In her recent shows at Metropolitan Room, Tanya Holt proved she is more than a cut above most of the acts she books in her capacity as booking manager of the club. This lady has so much going for her. Watching her show, was like a throwback to another era where the girl singer fronted the band and calmly tore the roof off the place. She made them laugh. She made them cry. Few artists have such a gift. With so much going for her, one can't help ask - why isn't she better known? She has goods to spare and aside from some serious moments that shattered, she is very relaxed and quite the funny lady.

Deftly directed by Lennie Watts, who never let the direction get in the way, the set was filled with carefully thought-out songs and riotous patter that poked fun at the hiccups in her life and embraced the good stuff in a compelling style. Holt's show was a lesson in selecting material that suits the performer, follows a thread and remains true to who she is.

At times, she recalled a mellow Rebecca Parris in a cool jazz mode or a reflective Jill Scott. Comparisons aside,  Tanya Holt is her own person and, above all, a truth-teller whose not afraid to take chances.  For instance, taking on the late Whitney Houston's monster hit, I Have Nothing (Thompson-Foster) was about as risky a chance as a female vocalist today can get – especially on an intimate stage. Holt fluently took this from a very personal place somewhere deep inside and turned it from something maudlin to an anthem of inspiration where the listener just knows she makes it. This applied to the brunt of her show. On I Can Cook Too from On The Town (Bernstein-Comden/Green,) she practically got a standing ovation from the explosive, laughter-filled room mobbed with friends and colleagues who knew of her recent ordeal when her house burned which she turned into an hysterical accounting. This was appropriately followed by an uplifting Gotta Move (Peter Matz.) Tackling the melancholic This Bitter Earth by Clyde Otis, made famous by the late Dinah Washington, she created a sobering moment with a subdued reading that was well paced. She was also very effective on the familiar Home from The Wiz (Smalls.)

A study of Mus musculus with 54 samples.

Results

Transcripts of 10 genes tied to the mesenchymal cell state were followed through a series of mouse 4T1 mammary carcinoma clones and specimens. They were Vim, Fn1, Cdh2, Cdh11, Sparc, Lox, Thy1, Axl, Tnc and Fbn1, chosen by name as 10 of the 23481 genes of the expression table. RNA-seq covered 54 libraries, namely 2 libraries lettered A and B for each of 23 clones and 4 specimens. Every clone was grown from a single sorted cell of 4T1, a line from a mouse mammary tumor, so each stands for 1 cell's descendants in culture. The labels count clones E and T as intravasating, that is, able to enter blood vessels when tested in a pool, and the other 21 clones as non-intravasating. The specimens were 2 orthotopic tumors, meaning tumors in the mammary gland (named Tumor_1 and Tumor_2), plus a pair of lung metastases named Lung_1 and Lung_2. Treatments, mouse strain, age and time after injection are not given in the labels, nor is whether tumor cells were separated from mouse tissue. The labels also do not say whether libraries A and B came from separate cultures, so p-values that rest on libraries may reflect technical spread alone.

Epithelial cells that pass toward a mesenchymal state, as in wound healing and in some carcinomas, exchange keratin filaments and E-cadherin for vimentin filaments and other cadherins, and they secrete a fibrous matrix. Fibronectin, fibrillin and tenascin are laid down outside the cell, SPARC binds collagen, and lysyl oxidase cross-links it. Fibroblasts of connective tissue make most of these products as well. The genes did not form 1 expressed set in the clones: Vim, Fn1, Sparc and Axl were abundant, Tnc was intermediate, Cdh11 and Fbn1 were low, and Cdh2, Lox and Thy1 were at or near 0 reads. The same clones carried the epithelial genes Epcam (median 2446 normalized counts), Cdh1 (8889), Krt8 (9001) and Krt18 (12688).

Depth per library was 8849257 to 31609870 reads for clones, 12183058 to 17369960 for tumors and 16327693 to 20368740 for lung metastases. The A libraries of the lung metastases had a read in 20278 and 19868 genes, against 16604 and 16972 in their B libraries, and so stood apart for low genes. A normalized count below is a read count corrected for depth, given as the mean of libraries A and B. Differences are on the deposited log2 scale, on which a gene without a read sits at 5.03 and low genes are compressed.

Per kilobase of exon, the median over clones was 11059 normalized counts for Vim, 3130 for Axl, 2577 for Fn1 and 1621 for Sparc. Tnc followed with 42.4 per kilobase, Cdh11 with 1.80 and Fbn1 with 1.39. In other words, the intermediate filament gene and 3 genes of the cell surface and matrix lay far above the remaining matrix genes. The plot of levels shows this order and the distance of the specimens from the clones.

Holt's singing is capable of refined phrasing and some surprise high belting which she uses sparingly but with great effect. In the final analysis, hers was a show wrapped around a theme of reflection and fun times or, more to the point, falling down in life and getting right back up. Tanya Holt needs more exposure. Like others, past and present, this gal singer deserves to be seen and heard. Closing with Dinah Washington's Let's Get Busy capped a solid evening from a pro who needs to do just that - and go to that next level.

Tracy Stark excelled as musical director/arranger. Matt Wigton offered perfect support on bass.